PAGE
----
Reflections are not enough. We need action to protect human and planetary health


The paper is a promising sign of progress. This promise should be quickly followed up with policy and legislative measures at European and national levels, based on an integrated, collaborative approach that places the interconnections between the environment, health and wellbeing at the forefront of our efforts to support the most vulnerable members of our societies.

Protecting and promoting human health and wellbeing is inextricably linked to achieving sustainability. The reflection paper acknowledges that ‘the costs of not implementing existing EU environmental legislation are broadly estimated at around EUR 50 billion a year in health costs and direct costs to the environment.’ Our health is intimately interdependent on our environment, the food we eat, our security, our prosperity, education, and much more. These all need to be addressed in a coherent way. Policies and interventions which simultaneously improve health, protect the environment, and reduce inequalities are the focus of comprehensive research by the INHERIT programme.

Health systems and the wider systems that influence health, such as education and social protection, are themselves large employers and make significant contributions to economies and prosperity. The sustainability transition must apply to those systems too. The WHO Director General has stated that health and care system actions for achieving the Sustainable Development Goals (SDGs) are too slow. In stepping up work on tackling the risks and challenges cited in the Reflection Paper around Antimicrobial resistance (AMR), Non Communicable Diseases (NCDs), obesity and other factors, EuroHealthNet can contribute to equitable solutions both in Europe and globally. Its REJUVENATE framework outlines how the transition to sustainability can be made in health and health promoting systems. It should also be implemented more widely.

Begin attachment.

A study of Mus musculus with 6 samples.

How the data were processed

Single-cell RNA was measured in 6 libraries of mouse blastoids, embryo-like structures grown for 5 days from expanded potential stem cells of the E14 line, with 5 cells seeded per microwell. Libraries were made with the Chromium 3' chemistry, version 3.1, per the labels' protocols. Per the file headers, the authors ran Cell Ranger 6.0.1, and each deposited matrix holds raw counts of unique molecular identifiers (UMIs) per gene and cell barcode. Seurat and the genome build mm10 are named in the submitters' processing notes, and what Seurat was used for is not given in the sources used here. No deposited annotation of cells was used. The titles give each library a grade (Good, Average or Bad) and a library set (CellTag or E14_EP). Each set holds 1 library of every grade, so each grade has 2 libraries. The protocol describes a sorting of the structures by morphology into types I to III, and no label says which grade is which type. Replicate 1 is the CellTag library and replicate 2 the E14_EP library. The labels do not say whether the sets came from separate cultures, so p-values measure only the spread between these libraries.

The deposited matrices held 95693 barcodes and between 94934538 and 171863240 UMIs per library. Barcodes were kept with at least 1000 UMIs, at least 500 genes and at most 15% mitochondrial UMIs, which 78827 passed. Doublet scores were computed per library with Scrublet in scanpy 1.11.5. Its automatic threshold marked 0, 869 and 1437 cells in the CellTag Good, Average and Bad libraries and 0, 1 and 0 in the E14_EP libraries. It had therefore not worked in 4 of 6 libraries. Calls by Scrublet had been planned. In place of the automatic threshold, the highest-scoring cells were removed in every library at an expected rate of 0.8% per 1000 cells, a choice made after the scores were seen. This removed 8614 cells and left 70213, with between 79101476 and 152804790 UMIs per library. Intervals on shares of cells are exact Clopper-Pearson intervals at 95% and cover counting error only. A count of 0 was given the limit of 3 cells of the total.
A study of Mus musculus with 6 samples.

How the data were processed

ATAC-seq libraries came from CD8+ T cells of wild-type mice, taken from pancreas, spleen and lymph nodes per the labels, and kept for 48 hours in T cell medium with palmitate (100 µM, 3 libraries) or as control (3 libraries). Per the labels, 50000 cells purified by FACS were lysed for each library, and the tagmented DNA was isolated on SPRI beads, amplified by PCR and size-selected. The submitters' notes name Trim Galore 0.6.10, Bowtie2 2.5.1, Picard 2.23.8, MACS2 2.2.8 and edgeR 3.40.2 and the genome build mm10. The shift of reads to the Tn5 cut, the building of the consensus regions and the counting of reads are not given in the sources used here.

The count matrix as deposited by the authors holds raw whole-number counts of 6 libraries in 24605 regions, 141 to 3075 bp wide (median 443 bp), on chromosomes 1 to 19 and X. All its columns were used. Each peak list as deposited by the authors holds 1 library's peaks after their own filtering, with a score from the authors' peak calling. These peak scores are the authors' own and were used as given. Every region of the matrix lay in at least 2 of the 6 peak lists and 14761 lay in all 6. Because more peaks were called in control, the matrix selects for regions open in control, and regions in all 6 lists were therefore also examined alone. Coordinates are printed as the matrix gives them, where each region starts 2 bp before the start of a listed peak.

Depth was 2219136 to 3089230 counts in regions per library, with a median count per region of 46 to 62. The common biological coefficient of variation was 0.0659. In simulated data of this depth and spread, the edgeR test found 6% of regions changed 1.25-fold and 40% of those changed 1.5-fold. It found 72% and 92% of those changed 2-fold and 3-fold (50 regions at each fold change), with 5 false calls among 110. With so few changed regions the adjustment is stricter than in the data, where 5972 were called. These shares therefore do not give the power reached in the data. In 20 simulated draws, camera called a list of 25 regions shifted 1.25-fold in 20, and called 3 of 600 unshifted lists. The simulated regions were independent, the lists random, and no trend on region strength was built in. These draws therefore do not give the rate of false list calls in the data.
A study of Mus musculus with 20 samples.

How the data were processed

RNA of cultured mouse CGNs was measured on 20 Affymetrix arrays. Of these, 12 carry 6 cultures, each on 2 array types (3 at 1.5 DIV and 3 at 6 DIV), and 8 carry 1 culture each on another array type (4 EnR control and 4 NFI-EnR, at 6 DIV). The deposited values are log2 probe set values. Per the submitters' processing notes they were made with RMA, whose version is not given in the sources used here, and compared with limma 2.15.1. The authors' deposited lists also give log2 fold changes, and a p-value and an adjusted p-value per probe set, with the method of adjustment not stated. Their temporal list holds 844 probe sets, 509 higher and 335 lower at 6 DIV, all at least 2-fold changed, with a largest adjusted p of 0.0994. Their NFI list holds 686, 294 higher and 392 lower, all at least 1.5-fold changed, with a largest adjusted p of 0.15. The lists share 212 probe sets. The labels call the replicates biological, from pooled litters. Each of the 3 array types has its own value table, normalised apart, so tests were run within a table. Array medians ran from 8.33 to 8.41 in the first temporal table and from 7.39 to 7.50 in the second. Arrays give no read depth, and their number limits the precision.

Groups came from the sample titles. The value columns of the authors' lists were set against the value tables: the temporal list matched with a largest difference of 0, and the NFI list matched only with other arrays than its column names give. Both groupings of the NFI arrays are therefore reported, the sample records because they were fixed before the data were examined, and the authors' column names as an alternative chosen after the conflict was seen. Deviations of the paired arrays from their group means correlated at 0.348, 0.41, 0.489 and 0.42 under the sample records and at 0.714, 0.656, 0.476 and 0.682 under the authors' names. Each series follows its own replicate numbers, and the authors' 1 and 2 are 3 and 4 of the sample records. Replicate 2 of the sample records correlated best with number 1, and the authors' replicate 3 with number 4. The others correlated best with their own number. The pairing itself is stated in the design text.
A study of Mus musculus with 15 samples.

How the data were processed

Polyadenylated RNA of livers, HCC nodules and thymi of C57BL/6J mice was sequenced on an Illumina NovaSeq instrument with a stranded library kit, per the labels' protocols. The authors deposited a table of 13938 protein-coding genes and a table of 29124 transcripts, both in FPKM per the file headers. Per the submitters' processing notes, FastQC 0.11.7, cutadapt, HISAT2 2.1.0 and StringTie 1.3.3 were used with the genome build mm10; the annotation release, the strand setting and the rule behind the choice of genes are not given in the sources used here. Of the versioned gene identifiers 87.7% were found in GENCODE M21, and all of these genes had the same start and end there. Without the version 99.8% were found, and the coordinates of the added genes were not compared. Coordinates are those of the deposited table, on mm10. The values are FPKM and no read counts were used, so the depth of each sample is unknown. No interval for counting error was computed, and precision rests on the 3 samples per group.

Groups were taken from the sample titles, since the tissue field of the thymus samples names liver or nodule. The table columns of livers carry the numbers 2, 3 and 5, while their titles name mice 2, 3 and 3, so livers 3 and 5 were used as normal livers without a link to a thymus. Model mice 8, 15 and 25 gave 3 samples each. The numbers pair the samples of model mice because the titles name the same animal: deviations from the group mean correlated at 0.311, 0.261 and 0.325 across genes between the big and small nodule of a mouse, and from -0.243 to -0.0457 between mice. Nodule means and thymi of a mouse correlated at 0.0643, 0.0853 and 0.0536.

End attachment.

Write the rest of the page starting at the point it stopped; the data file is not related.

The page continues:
Throughout the report, references are made to the 10th SDG, 'Reducing Inequalities' which is indeed key to a prosperous future for all. High and persistent levels of health inequalities are evidence of the wider inequalities which exist within and among Member States. As the Reflection Paper states ‘The transition to ecologically sustainable economic growth and competitiveness can only be successful if it is inclusive at the same time’. However, there is no concrete proposal to integrate key indicators in, for example, the European semester which would drive meaningful change in the systems that influence equity. This must be addressed with urgency.

The Reflection Paper specifically praises stakeholder inputs and foresees multi-agency working and new forms of cross-sectoral governance and investments as being crucial to the needed transformations. This is what EuroHealthNet has long advocated for. We need evidence-based approaches that address health and the determinants of health. This means more engagement in health by other sectors and more social investment. The Partnership has in this vein contributed to the European Pillar of Social Rights, the implementation of the European Semester, and planning of the Multi Annual Financial Framework 2021-27. It has also contributed to efforts to achieve more sustainable and healthy EU Food Policies.
Where to go from here?

The EuroHealthNet Partnership proposes the following next steps:

  • Follow the good promises in the reflection paper with concrete policy and legislation.
  • Integrate health, equity, and sustainability – and the indicators that measure them into the European Semester.
  • Consider the health and equity impacts of all policy and action.
  • Use social investment to effectively target the underlying determinants of health.
  • Implement objective measures of effectiveness of actions towards SDG3 (Ensure healthy lives and promote well-being for all at all ages).
  • Amplify and scale up policy and actions which simultaneously address human and planetary health while reducing inequalities.
  • Bring everyone with us. The shift to sustainability must be inclusive and support the most vulnerable members of our society.
  • Create true collaboration through multi-agency working and cross-sectorial governance.